PORTVILLE — It was 1945. The average cost of a house was $4,600 and gasoline was 15 cents a gallon.
Harry Truman became president upon the death of President Roosevelt and the United Nations was created. Germany and then Japan surrendered, ending World War II.
And a Portville man, Francis “Tony” Wilson, joined the Portville American Legion Post 814.
Saturday, the day before what would have been his 95th birthday, Wilson was to receive the 75-Year National Legion Membership Award at the legion’s 98th birthday dinner.
Wilson passed away Thursday.
“We never had the opportunity to present it to him,” Pat Dunn, commander, said. “Our intent was to give it to him (Saturday).”
“He was the oldest living member of the Portville American Legion,” said Wilson’s son, Richard “Rick” Wilson of Portville. “We found out that there was a Drum and Bugle Corps at the legion between 1945 and 1949. Dad played the drums.”
Mary Lee Wenke, Wilson’s daughter, said she was proud of her father for his work ethic, love of his family and love of his country.
“It was evident by him leaving school his senior year to enlist in the Coast Guard, to serve our country in WWII, later to run a family business and work for the government as the Portville postmaster his whole career until his retirement,” she said.
Kitty Cooley, another daughter, said Wilson’s Hometown Heroes banner, honoring veterans from the town of Portville, went up first in 2017 and continues to hang in front of the Portville Post Office, a fitting tribute to its longtime postmaster.
WILSON JOINED the U.S. Coast Guard in March of 1943, right before his graduation from Portville Central School in June. His newly commissioned ship, the USS LST-769, became part of the Amphibious Forces, Pacific Fleet. He served until February 1946, working in the engine room in the bowels of the ship, and mustered out as a fireman first class.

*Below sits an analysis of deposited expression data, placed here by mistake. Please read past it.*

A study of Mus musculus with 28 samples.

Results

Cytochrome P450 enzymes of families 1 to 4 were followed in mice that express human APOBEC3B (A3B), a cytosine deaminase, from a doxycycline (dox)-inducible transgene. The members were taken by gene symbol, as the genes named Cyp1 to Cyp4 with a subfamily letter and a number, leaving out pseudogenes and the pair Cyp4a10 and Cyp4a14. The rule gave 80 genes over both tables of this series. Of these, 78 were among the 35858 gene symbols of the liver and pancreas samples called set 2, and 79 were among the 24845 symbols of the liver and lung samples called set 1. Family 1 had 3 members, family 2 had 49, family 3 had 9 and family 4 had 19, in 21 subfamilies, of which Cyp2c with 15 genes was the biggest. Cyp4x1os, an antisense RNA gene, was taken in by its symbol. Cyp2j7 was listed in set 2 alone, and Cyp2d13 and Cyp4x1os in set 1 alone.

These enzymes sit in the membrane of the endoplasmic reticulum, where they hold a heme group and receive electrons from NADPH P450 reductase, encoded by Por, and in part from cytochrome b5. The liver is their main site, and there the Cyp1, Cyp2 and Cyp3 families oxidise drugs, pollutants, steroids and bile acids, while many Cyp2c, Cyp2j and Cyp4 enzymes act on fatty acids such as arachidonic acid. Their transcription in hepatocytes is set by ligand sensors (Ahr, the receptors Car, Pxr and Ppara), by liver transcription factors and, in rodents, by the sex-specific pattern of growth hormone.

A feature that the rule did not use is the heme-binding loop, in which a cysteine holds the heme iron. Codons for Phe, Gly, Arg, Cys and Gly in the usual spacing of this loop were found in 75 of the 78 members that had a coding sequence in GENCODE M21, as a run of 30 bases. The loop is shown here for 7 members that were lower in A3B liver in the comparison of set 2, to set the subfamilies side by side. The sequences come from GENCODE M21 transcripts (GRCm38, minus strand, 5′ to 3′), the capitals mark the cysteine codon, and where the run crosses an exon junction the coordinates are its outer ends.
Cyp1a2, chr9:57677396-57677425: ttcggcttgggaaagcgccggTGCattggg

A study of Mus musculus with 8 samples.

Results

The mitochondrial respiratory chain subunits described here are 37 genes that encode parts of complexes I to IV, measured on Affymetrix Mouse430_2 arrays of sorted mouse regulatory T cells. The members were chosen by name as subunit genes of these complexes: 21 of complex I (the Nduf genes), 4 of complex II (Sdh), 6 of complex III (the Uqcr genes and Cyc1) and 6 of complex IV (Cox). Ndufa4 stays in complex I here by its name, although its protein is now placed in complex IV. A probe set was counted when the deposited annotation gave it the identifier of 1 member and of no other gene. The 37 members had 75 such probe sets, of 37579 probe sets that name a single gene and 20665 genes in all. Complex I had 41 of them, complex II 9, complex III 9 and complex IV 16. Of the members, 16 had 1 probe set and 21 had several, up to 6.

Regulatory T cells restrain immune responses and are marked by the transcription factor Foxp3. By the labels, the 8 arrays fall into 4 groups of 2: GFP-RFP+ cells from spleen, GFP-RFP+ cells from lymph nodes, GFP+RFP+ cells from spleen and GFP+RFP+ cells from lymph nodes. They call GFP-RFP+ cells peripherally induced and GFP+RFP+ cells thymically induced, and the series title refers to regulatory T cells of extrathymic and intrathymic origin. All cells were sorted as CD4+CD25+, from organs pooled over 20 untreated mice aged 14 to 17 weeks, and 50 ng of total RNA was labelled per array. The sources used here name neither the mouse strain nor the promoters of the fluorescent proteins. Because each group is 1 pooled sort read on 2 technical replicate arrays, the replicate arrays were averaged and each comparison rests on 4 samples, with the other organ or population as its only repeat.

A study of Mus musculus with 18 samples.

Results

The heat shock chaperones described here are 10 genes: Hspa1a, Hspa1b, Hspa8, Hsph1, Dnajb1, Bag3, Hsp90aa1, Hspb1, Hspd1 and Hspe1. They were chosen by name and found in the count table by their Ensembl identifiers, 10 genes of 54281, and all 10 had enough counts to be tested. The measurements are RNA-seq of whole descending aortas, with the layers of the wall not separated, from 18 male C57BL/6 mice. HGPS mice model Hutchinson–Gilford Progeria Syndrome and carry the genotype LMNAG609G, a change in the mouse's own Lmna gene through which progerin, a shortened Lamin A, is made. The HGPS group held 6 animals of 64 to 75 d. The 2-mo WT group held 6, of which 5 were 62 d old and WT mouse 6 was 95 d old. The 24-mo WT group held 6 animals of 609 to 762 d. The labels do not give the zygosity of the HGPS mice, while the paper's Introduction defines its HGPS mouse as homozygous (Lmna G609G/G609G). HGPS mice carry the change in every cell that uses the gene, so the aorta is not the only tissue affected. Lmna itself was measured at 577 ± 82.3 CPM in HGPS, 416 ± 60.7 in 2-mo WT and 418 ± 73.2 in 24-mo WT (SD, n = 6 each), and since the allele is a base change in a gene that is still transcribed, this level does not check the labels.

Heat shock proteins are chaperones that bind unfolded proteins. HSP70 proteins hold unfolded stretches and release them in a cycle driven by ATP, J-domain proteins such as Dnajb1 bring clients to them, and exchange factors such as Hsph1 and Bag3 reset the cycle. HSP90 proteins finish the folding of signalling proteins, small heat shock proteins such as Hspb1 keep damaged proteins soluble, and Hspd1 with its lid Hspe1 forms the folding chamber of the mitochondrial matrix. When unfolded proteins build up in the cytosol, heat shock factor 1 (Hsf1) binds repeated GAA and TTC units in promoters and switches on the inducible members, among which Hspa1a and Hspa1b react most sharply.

Wenke and Cooley said their dad always had a few stories about his wartime experiences.
“One of the first stories I remember is whittling the ‘pigs’,” Cooley said. “They would whittle these wooden pegs, pigs, that had to be so wide and so long. They’d throw them in a bucket to be used to plug the bullet holes in the boarding barges as they came up.”
Rick Wilson said his dad talked about “his” ship.
He often thought he owned a ship and that it was in the Buffalo Harbor, Rick Wilson said.
“He worried about who’s watching the ship while I’m visiting him so I would tell him I have a week’s leave,” he said.
The elder Wilson worried about the safety and security of the ship and often insisted on knowing who was watching it.
When Rick would tell his father he left F.J. (another son) in charge, the elder Wilson got agitated, saying of F.J., “He’ll take it for a ride.”
Upon returning to Portville after WWII, Wilson helped his parents run Wilson’s Fruit Market. He later took over the business, married Myrt, his wife of 67 years, and started his family.
During his high school days, Wilson was on just about every sports field and court the school offered — winning varsity letters as a football quarterback, basketball guard and baseball left-fielder and catcher.
As an adult, “he still found time for sports in his life, playing softball in local tavern leagues and fundraising for sports boosters for many years,” Wenke said.
He volunteered as an assistant coach under popular former Portville football coaches Bud Fenton and Bob “Bear” Connell.
He refereed for local area high school team games, umpired baseball games and officiated football. In 2018, Wilson was inducted into the Portville Central School Wall of Fame.
He was also involved at the collegiate level of sports in the community, and under Coach Larry Weise at St. Bonaventure University Wilson helped organize the IAABO classic basketball tournaments still held annually. He was awarded the IAABO Lifetime Achievement Award.
For his military service, Wilson was awarded the New York State Medal of Merit and the Cold War Recognition Certificate. Cooley said he also qualified for “a couple of other medals as well relating to his experience during the war.”
Dunn said the Legion will get together with the family to make arrangements to present the award posthumously at a later date.